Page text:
Claudio Carvalho, Rio de Janeiro, Brazil
They don't make many movies like this anymore, it felt like somebody had discovered a lost gem from the 1970s, with real extras, real horses and real camels instead of the soulless computer copies of todays CGI productions. I loved it! Also the story remained interesting, when the Prince has a difficult decision to make whose side he'll be on.
The story apparently is not precisely following actual historical events, but takes the liberty of creating a world of the 1930s like it could have been. No maps are shown on the screen to show which army moves where, because it is the general feeling of a changing world that matters, the struggle between different attitudes, not the history lesson. I do not know why this artistic freedom is making some viewers complain. Hundreds of western movies described battles between soldiers and Indians which were only vaguely similar to actual history, so I don't think this discussion is necessary. "Black Gold" is an adventure movie, first of all. Actually, the makers balance very well between the entertainment value and ambitions beyond that, neither too heavy nor too light. A good compromise was found between a commercial approach and content that has something to say. When the oil flows over the ground, useless like a pond of black ink, one wonders: is it worth all that fighting? One review here said 'the director made a mistake, there is no pipeline', which proves that the poetry of pictures is really lost on some people. Anyway.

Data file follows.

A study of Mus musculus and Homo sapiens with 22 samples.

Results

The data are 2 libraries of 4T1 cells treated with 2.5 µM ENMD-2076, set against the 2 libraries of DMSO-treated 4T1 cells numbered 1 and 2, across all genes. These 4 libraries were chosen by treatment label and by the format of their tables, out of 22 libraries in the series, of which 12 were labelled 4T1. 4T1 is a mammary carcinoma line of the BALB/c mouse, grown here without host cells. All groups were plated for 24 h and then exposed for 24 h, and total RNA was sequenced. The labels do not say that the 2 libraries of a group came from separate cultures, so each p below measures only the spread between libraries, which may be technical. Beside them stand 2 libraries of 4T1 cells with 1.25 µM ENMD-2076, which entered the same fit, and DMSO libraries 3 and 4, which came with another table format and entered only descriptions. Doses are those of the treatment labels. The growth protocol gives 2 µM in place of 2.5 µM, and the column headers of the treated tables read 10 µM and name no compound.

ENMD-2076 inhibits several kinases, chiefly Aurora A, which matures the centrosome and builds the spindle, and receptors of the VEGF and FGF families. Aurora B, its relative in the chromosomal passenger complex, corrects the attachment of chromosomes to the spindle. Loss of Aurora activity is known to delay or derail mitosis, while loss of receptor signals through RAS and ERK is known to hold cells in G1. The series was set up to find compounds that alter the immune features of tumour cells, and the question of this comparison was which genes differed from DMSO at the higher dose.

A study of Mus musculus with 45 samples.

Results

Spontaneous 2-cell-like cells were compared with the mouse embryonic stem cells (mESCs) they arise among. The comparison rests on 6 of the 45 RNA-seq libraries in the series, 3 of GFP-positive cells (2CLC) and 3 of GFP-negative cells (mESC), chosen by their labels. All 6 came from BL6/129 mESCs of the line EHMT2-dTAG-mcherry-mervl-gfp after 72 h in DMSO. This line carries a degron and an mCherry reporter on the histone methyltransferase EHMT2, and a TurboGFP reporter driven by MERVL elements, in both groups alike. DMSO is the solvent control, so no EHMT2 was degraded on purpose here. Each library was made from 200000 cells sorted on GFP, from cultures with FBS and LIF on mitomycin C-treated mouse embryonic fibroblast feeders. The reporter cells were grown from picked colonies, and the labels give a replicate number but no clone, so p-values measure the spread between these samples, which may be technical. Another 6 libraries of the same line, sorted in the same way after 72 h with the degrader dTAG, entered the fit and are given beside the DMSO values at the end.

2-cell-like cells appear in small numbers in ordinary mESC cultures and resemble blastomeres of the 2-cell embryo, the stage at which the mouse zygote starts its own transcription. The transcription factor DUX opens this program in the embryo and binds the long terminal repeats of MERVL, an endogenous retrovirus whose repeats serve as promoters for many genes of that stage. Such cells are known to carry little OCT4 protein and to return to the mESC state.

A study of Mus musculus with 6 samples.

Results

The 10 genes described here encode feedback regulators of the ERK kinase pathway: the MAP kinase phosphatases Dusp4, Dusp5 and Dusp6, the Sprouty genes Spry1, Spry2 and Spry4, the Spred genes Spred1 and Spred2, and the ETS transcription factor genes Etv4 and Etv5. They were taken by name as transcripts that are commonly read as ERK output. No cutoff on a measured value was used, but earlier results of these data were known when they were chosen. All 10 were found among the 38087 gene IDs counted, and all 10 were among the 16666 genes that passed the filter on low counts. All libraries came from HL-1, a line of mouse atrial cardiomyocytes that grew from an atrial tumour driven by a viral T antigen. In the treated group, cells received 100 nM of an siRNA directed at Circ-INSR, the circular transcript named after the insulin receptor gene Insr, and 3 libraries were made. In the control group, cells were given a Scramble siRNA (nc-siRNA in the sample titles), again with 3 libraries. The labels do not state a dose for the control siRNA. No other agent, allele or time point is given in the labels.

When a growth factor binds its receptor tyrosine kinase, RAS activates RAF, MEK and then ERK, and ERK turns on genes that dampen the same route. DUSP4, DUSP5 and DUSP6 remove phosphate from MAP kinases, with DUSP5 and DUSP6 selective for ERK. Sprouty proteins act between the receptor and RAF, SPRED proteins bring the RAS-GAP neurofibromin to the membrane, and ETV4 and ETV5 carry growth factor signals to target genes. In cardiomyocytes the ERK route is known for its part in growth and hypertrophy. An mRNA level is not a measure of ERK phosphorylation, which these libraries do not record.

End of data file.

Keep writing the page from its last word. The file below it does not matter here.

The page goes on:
The makers, supported by the Emirate of Qatar, succeeded in putting the Arabs in the focus, and if the American guy from Texas Oil remains a cartoon character with a silly hat, it's hardly an accident. Best actors to me were Tahar Rahim as Prince Auda and Mark Strong as Amar, his father. Antonio Banderas, however, had a license for staring, it seems. Any time he has got a close-up without much to say: yes, he stares in an interesting way. The director could have told him him not to overdo it, but I guess it's easier said than done.
11 of 13 people found this review helpful.